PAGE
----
I can’t really remember how long I’ve dreamed of becoming a published author. At least since junior high when I wrote my first novel which was…well, let’s just say “awhile” ago so I don’t look too old. 😉
But as I prepare to actually launch my first book into the world in…hmm, just under a month today, actually, I’ve thought a lot about what it means achieve that dream. Or if all I’d ever really had was a dream of a dream.
I’ve never been short on imagination, which is probably part of what led me to writing in the first place. So I think I must have had a vision or dream of what it meant to be published. Lots of it was probably deluded, which fortunately isn’t uncommon among new writers. 😉 But as I came to better understand the industry–and that those dreams of huge advance checks, accolades, early success, etc were all fairly unlikely, I started to develop a different vision.
I pictured working with an editor, how I’d always turn in my book on schedule, be easy to work with while still knowing when it was worth disagreeing. I probably wouldn’t be a top author, especially not early on, but I’d slowly keep building my readership and moving up at one publishing house, and then hopefully branch out to others, like self-publishing and becoming a hybrid-author, aided by the business-savvy guidance of my agent.
Confession: I think I felt I needed someone else’s approval before I was able to make my dream a reality. The same kind of approval you get in school, when you get good grades and your parent-teacher nights are mostly them saying nice things about you. And I think I kind of expected / wanted that. That approval would become a kind of validation that yes, my writing was good, someone wanted it–and someone other than friends or people who were otherwise personally associated with me. 😉
Yet, that’s not what happened. I’ve had different marks of validation: I was fortunate enough to final in RWA’s the Golden Heart® Contest. I’d had interest and enthusiasm from agents and editors. But in the end, no sales. I found I’d reached a point of frustration where it didn’t seem to matter what I did, it was out of my hands. But worse, I was letting outside forces determine the worth of my writing…and my worth.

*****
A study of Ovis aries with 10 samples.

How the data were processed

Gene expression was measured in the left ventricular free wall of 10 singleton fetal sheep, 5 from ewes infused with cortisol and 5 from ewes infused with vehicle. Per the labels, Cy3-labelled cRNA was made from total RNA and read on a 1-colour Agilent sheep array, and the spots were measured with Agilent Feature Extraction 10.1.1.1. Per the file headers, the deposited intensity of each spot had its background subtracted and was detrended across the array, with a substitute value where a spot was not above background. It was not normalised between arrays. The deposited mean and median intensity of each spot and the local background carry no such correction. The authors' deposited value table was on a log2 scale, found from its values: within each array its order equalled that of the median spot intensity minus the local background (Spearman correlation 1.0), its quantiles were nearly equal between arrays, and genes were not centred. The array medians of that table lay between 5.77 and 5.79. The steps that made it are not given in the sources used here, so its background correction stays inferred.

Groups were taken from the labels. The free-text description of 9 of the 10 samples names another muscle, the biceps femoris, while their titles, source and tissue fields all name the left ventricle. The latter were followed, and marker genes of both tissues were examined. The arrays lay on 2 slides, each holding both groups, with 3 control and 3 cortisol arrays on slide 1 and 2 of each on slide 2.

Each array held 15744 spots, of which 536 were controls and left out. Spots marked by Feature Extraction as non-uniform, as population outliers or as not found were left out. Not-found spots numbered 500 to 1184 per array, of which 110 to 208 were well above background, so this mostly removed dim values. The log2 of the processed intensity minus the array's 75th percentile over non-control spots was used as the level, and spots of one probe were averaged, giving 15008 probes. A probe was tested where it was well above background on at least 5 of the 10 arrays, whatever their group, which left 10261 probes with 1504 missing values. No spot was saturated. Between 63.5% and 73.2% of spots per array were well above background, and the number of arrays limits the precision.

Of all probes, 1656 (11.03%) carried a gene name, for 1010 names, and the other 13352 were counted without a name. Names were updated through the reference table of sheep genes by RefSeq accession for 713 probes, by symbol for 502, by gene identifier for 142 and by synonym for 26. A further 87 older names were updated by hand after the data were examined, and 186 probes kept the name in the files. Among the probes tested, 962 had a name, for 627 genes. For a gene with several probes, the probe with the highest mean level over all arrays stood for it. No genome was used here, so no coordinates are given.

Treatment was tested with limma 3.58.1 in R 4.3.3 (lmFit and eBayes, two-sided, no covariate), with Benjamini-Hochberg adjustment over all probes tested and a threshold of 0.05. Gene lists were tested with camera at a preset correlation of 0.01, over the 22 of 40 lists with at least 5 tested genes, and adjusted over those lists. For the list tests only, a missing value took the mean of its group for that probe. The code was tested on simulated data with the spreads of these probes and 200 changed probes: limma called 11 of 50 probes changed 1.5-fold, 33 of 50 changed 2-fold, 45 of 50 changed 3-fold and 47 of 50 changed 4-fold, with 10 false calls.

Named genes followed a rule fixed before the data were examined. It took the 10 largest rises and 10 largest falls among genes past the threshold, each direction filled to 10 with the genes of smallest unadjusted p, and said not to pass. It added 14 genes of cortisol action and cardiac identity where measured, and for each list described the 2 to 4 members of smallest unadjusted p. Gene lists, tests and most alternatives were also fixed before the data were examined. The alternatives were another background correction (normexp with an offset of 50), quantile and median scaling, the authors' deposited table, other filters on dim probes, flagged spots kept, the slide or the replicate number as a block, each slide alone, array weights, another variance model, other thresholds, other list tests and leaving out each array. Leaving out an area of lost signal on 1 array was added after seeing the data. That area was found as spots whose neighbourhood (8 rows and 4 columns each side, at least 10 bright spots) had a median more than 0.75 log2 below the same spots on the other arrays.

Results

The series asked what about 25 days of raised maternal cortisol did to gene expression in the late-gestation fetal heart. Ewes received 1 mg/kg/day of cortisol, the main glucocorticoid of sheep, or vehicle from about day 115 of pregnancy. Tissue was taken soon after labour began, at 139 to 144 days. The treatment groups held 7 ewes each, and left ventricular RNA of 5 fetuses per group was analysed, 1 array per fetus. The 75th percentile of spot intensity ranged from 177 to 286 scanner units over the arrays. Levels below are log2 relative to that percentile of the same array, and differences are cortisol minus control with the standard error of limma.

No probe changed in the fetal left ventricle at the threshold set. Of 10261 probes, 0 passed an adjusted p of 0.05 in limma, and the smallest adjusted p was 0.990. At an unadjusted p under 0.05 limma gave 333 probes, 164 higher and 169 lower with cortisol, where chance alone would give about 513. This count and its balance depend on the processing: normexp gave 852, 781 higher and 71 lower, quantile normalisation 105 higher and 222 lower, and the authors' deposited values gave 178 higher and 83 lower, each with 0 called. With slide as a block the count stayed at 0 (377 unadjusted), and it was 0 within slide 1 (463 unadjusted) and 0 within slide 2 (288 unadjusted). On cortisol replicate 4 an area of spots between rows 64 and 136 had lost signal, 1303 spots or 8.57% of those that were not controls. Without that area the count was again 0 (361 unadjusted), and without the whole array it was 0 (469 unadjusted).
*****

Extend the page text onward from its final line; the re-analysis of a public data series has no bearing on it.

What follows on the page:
Fortunately, traditional publishing isn’t the only way to get published these days. And many other authors–excellent writers and braver than me–have turned to independent publishing years before I did, which allowed me to ask them for advice and guidance before diving in myself. All of which allowed me to create a different version of my dream.
I still worked with an editor, but it was someone I selected and hired. I still turned in my book on time, but I was mostly turning it in to myself, since I now determined the entire schedule. I didn’t have to wait to see what the art department came up with for my cover, since I decided which artist to hire and we worked together to create a cover I adore. I formatted my books and put them up for sale. And as of last week, I formatted the print version, and for the first time got excited about my book being in readers’ hands. And holding my printed and bound book in MY hands.
I still want to pursue a traditional publishing path as well, since I still want to be a hybrid author (and not just because it sounds like something cool–half-traditional, half-indy – almost a werewolf!) 😉 I’ve just realized that maybe what I had before was a dream of a dream, with all the naive and indefinite fuzziness that requires. But now I’m moving toward something much more tangible. I’m walking that path instead of just picturing it. And you know what? The sky is clear, the fog is clearing, and I’m feeling pretty good.
Have you ever had that? A dream of a dream that turned out so much differently in reality? I love to read comments. 🙂
Thanks for stopping by to read. And remember: if we look hard enough, there’s always magic in the world.